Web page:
Once a year for two days, private equity firm The Riverside Company gathers together its partners and other employees from around the world as well as the CEOs of their global portfolio companies – around 300 people – at the Riverside Leadership Summit (RLS). The crowd hears about the latest directions of this firm that invests in small to mid-sized companies; meets with colleagues across portfolios in N. America, Europe and Asia; and listens to speakers discussing topics ranging from the state of the worldwide economy to social media marketing.
For video purposes, the gathering of so many people in one space is an ideal time to collect professional interviews. Riverside recognized that, and dived with us into a new marketing video project over the course of those two summit days. The preparation work began several months earlier, as we plodded knee-deep through the points to be emphasized in the final videos and the individuals who would be good messengers. Utilizing a quiet and private room at the resort where the event was held, our director of photography designed a set with five lights and gels expressive of the firm’s branded colors. We interviewed numerous individuals, altogether securing a collection of wish-list sound bites in one place at one time.
The cost of corporate video production encompasses time three basic phases: pre-production (the preparation that goes into defining concepts and arranging the shoots to get the necessary materials for the end product), field production (videotaping) and post-production (the totality of services needed to transform the videotaped material into the final edited piece).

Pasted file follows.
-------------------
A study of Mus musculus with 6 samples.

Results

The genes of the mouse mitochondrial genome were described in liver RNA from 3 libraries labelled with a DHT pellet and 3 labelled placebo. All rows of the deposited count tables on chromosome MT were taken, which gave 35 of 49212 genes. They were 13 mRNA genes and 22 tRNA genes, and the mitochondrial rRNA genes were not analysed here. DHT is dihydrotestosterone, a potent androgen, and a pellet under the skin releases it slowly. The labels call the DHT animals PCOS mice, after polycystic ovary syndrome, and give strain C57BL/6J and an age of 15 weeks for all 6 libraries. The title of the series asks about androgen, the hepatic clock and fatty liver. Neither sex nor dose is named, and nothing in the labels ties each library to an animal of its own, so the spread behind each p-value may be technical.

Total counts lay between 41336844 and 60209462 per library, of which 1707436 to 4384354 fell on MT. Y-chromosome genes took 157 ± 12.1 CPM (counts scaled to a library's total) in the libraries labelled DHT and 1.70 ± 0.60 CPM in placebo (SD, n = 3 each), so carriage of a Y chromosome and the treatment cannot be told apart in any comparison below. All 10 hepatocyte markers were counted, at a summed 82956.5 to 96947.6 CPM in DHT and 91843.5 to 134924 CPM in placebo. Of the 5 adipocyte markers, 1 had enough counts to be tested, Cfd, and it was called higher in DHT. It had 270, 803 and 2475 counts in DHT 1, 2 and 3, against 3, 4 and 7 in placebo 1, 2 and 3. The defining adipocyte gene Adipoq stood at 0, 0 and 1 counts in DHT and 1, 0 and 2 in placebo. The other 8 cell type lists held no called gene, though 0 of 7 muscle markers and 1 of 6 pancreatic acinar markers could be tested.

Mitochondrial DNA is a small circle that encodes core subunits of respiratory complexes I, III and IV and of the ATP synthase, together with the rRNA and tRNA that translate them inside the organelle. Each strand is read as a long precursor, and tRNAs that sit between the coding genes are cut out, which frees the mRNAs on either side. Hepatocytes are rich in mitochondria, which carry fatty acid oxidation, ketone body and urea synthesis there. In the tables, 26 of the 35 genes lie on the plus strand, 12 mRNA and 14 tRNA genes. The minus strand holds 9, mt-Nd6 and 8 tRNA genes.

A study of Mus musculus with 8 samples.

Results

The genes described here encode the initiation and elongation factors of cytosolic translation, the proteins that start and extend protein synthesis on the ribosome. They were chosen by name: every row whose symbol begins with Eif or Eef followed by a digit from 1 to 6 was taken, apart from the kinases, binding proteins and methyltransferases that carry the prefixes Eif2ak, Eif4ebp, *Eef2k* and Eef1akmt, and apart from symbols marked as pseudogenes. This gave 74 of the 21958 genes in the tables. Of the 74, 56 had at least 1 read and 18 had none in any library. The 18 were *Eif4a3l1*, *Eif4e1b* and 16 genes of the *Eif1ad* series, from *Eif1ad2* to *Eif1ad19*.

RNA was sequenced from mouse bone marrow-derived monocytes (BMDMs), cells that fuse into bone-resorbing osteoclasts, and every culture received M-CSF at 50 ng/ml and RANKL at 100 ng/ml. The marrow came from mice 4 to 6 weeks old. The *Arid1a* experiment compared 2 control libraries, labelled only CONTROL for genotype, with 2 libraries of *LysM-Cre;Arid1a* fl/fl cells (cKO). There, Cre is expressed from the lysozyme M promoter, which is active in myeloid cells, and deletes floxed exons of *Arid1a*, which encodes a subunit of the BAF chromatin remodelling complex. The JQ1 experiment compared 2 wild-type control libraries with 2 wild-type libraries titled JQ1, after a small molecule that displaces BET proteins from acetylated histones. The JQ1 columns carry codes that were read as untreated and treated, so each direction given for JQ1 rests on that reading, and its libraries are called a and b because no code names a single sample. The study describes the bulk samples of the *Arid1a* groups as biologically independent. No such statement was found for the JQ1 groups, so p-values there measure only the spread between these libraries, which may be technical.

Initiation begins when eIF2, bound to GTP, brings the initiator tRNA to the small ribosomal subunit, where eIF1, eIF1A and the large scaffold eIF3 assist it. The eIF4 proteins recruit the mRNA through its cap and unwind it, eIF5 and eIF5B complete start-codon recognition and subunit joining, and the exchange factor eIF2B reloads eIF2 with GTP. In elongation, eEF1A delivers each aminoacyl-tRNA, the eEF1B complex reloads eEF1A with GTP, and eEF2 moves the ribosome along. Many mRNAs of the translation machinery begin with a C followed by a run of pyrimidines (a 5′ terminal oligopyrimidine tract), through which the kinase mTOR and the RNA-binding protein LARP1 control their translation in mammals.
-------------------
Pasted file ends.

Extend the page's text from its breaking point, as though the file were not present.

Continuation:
Field production is a daily rate determined by the size of the crew and amount/type of equipment needed for the parameters of a particular job. If the number of days can be condensed because all the interviewees are in a single place, the cost of that line item can be greatly reduced.
Depending on the nature of the forum, there may also be opportunities to capture relevant b-roll of the folks who are being interviewed. B-roll is always a good idea, since most speakers dot their responses with “um”s, “you know”s and “ahem” types of throat clearings that are better left in the digital timeline’s trash can, but then call out for images to cover up the smoothed-out comments. At events where attendees are eating at networking breaks, b-roll can be a challenge, and consequently, the final product might call for an extra day or two to videotape appropriate visuals of the subject matter.
Between presentations at the RLS we hustled to get quick shots of our interviewees engaged in conversation with their colleagues, gently reaching over to take their drinks, noshes and nametags while the camera and its operator did their jobs. We went down our checklist of visuals and were glad to get most. With the large library of Riverside b-roll we have already accumulated over the years, the new video recorded, and the creation of sophisticated motion graphics, we are confident that we have collected the materials we will need to produce new, clever and stylish marketing videos at a good savings for our client.